You must file an amended return if:
- You learn there is an error on your original return
- You make changes to your federal income tax return
- The IRS makes changes to your federal income tax return
Your amended Montana income tax return is due 90 days after receiving a notification of the change from the IRS or after filing your amended federal income tax return.
You may choose to file an amended return for:
- 2015 or later
- Three years after the original due date.
- 2014 or before
- Five years after the original due date.
Changing or Correcting Your Return
When you file an amended return, you will need to use the same form as your original return. You can find previous year’s forms in My Revenue:
- Montana Individual Income Tax Return Long Form (Form 2)
- Montana Individual Income Tax Return Short Form (Form 2EZ)
Mark the box labeled “Mark this box if this is an amended return” at the top of the form.
Include copies of all of schedules you submitted with your original return, even if none of the amounts have changed as well as all new schedules you are submitting for the first time.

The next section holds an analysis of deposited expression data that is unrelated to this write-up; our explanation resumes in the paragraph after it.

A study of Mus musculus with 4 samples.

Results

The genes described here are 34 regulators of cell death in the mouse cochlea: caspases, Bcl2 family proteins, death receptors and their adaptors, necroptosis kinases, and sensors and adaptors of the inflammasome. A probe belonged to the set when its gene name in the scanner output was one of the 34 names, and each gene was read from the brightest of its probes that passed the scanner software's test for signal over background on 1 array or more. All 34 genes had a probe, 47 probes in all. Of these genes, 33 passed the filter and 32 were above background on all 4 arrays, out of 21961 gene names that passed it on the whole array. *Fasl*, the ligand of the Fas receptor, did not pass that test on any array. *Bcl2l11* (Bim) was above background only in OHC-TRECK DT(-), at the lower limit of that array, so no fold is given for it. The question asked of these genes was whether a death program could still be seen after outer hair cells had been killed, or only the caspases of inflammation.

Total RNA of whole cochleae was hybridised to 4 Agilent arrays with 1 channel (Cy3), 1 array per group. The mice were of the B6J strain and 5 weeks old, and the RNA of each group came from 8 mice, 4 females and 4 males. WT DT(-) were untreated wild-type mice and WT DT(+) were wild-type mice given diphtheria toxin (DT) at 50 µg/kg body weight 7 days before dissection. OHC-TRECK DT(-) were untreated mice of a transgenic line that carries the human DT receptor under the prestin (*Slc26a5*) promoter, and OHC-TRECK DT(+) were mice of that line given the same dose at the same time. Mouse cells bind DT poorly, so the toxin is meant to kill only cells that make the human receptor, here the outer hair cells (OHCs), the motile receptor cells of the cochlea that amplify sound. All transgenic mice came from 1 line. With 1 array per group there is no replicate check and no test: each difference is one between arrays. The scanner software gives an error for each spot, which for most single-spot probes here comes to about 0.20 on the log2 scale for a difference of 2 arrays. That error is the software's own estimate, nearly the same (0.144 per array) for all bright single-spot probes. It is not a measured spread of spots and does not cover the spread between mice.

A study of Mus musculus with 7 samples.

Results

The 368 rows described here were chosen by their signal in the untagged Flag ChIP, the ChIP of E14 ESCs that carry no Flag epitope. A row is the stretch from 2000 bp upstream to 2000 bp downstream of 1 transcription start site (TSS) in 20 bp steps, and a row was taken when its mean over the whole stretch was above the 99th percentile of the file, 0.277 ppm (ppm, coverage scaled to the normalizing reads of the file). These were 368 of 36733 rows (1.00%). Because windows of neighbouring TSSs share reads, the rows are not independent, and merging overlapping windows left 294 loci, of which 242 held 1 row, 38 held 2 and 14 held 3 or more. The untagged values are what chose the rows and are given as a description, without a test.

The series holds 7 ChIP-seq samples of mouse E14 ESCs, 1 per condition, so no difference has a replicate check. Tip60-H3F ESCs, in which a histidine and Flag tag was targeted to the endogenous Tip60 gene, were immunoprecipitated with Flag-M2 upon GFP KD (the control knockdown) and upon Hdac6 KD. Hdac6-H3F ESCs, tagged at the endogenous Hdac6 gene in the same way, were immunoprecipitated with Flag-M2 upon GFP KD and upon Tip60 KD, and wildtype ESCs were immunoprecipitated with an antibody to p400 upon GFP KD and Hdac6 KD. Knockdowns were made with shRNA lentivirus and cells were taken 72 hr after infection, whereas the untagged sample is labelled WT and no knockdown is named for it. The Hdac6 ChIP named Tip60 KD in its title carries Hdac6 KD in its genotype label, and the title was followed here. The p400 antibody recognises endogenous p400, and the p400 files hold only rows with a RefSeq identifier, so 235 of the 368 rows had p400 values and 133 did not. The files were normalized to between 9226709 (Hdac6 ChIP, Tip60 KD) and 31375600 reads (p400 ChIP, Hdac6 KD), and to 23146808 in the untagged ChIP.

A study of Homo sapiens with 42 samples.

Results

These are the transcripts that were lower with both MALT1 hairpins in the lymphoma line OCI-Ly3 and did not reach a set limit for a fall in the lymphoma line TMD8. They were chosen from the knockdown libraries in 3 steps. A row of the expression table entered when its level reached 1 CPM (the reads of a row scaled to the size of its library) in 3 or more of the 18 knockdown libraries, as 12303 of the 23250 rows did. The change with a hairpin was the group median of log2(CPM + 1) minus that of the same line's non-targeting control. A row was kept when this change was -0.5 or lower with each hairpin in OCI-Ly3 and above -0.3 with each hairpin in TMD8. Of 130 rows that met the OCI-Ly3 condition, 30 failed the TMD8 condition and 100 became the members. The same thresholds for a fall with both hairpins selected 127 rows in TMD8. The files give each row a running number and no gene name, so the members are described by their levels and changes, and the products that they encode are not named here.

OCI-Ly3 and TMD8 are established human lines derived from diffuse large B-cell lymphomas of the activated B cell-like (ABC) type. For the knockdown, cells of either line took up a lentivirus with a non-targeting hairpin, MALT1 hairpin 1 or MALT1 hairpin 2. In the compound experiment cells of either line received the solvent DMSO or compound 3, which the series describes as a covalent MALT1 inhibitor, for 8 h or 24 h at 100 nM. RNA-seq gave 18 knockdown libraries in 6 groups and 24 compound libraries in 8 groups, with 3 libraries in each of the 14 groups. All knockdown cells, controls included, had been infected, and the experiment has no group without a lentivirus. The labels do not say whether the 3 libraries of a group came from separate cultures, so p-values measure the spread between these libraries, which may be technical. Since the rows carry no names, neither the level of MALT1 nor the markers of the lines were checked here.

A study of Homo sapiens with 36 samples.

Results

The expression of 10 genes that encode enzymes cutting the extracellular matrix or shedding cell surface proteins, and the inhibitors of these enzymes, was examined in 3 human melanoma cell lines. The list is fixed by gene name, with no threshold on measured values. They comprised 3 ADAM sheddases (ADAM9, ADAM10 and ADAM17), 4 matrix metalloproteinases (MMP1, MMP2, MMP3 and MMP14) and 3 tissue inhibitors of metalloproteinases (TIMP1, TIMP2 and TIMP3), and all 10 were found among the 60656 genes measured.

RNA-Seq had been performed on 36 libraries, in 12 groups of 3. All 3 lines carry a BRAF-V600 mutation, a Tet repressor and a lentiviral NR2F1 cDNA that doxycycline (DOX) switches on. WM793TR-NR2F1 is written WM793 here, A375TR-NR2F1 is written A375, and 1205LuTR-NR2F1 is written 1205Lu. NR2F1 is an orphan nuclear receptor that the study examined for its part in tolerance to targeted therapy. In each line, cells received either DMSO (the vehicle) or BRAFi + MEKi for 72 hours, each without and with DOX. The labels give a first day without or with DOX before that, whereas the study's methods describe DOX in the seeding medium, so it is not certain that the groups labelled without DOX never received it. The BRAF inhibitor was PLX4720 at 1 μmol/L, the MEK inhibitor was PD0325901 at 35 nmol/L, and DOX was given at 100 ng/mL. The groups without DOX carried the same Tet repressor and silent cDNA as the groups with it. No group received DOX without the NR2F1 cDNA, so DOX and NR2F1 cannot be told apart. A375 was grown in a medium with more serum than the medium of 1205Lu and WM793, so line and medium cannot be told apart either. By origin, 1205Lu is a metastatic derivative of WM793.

If you need to file multiple returns, please file each amended return separately from other returns.
Please mark the “NOL” box in the upper-left corner of your Form 2 if you are amending your tax return to carry back a net operating loss.
If your amended return results in a refund, we’ll mail a check to the address included on the return. If you overpaid your tax, we’ll apply interest to your refund at the same rate we charge on past-due taxes.
Learn more about Late Fees, Interest, and Penalties.
Amended Returns and Penalties
If you owe additional taxes after you amend your return, you should pay the tax, along with the annual interest, with your amended return. If you pay the tax owed and interest, we’ll assume an amended return is requesting a waiver of the late payment penalty.
We figure any late pay penalty and interest on unpaid tax from the original return’s due date.
Other Important Information
- If you itemized deductions, you should recalculate to see if your income changes affect the limits on medical expenses and miscellaneous itemized deductions.
- A change to your income can also change your taxable social security benefits, partial pension and annuity income exemption, or standard deduction.
- If you are amending from filing jointly to filing separately (on the same or separate forms), include a detailed breakdown showing the income and deductions for each spouse.